Room Integrity Testing

An integral part of a fire life safety strategy, Room Integrity Testing, or RIT, is required for any Gas Fire Suppression System to ensure that in the event of a fire, the room’s containment is sufficient to ensure the effectiveness of the Gaseous Extinguishing System.

How does it work?

A Room integrity Test works by creating pressure within the room or enclosure where the Fire Suppression System has been installed. The Test then measures the integrity of the room to ensure the gas does not dissipate too quickly before being able to extinguish the fire. It will also check to ensure the room is not sealed to tightly, as this may cause internal structural damage.

What is the minimum retention time?

Room Integrity Testing ensures the extinguishing agent will achieve the correct concentration and maintains it for a ‘minimum retention time’ value.

The minimum retention time required under BS EN 15004-1 for all gaseous agents is 10 minutes, apart from CO² which has a minimum required retention time of 20 minutes. The ‘retention time’ is the period that the gaseous agent should exist at an acceptable design concentration (Cmin), whilst remaining above the minimum protected height to prevent the re-ignition of a fire once it has been extinguished.

The ‘minimum protected height’ is a determined height from the base floor level to the top of any identified critical asset or risk, or as designated by the ‘responsible person’. The ‘responsible person’ should always be consulted with, and agree the minimum protected height, regardless.

What type of system requires a Room Integrity Test?

Common Systems that require a Room Integrity Test are FM200, NOVEC 1230, Co2, Inergen, IG55 and IG541.

Due to the overall characteristics of FM-200 the sealing requirements for effective retention are much more stringent than those for any of the Inert agents.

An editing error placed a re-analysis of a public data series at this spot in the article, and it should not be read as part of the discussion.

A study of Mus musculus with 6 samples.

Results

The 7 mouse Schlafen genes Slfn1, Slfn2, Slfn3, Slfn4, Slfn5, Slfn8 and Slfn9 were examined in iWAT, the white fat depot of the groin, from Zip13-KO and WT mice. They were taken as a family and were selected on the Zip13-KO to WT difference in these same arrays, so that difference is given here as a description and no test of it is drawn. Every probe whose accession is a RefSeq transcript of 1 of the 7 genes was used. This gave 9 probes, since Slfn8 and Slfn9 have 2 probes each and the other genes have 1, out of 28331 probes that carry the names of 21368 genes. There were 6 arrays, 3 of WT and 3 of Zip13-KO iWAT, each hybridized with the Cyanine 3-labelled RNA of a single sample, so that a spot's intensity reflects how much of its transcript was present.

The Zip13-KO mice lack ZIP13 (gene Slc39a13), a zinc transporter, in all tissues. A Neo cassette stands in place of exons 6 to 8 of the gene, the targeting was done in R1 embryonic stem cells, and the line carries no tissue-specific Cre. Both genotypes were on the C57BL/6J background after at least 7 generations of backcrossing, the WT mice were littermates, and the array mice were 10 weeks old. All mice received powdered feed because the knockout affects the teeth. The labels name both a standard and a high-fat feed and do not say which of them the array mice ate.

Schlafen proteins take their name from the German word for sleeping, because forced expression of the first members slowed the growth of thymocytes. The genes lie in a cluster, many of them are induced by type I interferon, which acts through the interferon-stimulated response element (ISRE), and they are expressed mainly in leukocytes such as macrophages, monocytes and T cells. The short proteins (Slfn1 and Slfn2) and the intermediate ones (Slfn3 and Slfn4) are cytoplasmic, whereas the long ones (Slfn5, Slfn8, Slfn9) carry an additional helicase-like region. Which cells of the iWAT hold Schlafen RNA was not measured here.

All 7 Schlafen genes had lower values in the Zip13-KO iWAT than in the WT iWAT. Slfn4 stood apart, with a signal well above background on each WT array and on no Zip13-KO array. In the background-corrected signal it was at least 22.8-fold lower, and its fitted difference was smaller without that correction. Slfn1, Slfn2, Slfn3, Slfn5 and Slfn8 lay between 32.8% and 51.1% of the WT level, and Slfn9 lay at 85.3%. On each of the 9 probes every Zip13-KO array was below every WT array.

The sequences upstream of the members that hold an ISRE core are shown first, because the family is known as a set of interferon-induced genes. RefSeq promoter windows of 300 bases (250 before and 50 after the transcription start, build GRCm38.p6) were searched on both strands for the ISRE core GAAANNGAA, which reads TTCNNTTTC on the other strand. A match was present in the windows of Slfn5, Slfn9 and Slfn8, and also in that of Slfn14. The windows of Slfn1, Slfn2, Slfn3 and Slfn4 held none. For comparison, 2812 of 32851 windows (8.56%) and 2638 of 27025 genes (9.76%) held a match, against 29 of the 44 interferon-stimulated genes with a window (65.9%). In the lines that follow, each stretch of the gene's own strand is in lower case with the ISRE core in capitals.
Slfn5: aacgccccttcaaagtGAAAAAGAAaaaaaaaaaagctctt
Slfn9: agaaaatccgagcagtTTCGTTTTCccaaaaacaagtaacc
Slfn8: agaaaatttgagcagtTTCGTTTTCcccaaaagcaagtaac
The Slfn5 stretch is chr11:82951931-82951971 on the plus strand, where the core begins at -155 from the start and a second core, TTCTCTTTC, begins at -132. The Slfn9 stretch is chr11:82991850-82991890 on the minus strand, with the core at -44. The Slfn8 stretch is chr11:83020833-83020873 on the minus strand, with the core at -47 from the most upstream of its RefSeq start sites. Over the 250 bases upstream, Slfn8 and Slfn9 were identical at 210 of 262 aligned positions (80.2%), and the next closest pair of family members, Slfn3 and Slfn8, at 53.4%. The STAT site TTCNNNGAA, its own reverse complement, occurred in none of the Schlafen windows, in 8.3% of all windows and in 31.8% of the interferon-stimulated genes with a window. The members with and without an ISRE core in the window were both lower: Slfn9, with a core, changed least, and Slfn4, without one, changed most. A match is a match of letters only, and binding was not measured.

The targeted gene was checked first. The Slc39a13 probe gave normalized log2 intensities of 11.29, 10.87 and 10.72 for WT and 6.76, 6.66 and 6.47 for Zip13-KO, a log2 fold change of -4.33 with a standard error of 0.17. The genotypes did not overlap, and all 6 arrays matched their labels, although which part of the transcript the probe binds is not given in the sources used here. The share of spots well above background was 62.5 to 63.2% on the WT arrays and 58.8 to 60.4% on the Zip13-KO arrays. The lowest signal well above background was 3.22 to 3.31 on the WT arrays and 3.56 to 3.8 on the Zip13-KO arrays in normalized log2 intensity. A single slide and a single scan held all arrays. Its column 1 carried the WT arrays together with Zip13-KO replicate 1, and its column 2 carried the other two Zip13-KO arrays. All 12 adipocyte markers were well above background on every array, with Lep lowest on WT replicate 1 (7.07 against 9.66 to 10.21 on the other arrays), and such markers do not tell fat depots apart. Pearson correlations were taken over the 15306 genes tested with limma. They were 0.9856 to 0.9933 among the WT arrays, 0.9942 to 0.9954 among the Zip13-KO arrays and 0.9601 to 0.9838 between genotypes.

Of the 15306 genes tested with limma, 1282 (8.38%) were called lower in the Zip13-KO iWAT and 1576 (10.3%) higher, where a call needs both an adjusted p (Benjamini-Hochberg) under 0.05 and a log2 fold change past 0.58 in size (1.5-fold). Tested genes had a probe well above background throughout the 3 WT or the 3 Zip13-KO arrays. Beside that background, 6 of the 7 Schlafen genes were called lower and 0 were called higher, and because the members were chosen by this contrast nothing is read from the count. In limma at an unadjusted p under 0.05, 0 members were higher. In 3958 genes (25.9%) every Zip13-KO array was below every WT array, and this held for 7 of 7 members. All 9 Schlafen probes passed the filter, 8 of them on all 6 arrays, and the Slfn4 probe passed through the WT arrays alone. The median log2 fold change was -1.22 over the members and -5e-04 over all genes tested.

In general an enclosure protected with FM-200 needs to be sealed to reduce the leakage by at least half that allowed for the Inert Agents, this can and does have an impact on the structural sealing costs.

If an enclosure has satisfied an Integrity Test utilising Halon as the medium it will definitely satisfy the requirements for any of the inert agents resulting in no additional structural costs. Unless the result with Halon is in excess of 12.5 minutes it will not satisfy the requirements for containing FM-200 resulting in the need for structural improvements inevitably leading to an increase in building costs.

How often do I need a Room Integrity Test?

Any gas fire suppression system that protects an enclosure should have a room integrity test when it is commissioned. It is a requirement of British Standards (ISO14520 / BS EN15004) and NFPA 2001 Code that a room integrity test is conducted on initial installation and thereafter at least annually. It should also be performed if any modifications to the room take place.

What if the Room Fails?

If a room fails an Integrity Test, we will give you a full report detailing the areas that failed and provide a bespoke room sealing service. Our trained Engineers will attend and locate the leakage, this may be done with the use of smoke. Once the leakage is identified this will be sealed using specialist sealing products.